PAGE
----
National says if Labour forms the next Government, small business owners could be taxed when they sell-up.
Finance spokesman Steven Joyce told The AM Show on Thursday it would be a "nasty shock" to people who've built a business from the ground-up.
"A capital gains tax on small businesses would be a real shock for thousands and thousands and thousands of small businesses."
Labour hasn't actually proposed a capital gains tax on the sale of small businesses - but nor has it ruled them out, instead waiting for the outcome of a tax working group it wants to set up after the election.
The only decision made on the party's tax policy since the opening of the Government's books earlier this week is to rule out increasing the top tax rate.
Finance spokesman Grant Robertson, also appearing on The AM Show, was keen to emphasise the extension to the existing two-year bright line rule, which ensures anyone who flips an investment property within two years of buying it pays tax.
Labour expects to extend that to five years.
"If you flip an investment property within five years, you'll pay tax on that. I think most New Zealanders today who are going to work and paying tax on every cent that they earn, look at somebody who flips an investment property and doesn't pay a cent of tax on the profit from that, and say 'that's not fair'."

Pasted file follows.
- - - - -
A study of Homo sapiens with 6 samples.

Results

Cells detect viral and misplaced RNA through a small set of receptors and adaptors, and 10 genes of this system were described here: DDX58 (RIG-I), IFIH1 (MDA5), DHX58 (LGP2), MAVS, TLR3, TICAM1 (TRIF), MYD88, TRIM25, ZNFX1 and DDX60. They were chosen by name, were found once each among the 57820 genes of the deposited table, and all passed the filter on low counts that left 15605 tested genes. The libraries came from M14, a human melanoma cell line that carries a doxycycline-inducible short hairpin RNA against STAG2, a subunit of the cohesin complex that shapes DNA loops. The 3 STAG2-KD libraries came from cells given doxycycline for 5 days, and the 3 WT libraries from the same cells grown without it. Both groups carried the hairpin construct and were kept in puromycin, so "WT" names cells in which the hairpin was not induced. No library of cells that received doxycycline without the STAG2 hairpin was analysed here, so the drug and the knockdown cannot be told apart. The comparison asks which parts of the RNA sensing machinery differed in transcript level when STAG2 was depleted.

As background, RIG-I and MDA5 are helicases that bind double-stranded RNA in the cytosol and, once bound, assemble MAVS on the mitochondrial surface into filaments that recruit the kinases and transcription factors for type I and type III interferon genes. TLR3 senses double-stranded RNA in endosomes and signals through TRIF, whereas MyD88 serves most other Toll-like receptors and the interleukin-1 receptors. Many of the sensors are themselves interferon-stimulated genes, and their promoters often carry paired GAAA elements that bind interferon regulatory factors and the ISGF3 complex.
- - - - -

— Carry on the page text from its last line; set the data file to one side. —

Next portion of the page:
Mr Joyce said an extension to the rule wasn't required because if flipping houses is how someone earns a living, "that's taxable".
"This is the great fallacy - if somebody is trading properties to make a profit, they owe tax... the law already is if you are buying and selling houses to make a profit, then you are paying tax on that. That's been the case for a long time."
National is promising income tax cuts if it forms the next Government, but ruling out any more until after 2020. Labour wants to boost the Government's coffers so it can tackle perceived shortfalls in housing, education and healthcare, and will borrow "about $2 billion over a four-year period" more than National plans to.
"We've got to make sure that we actually do house people, and we have to borrow a little bit more in the short-term to do that," said Mr Robertson.
"But I'm happy to stand by that commitment, because I don't want people living in cars and garages."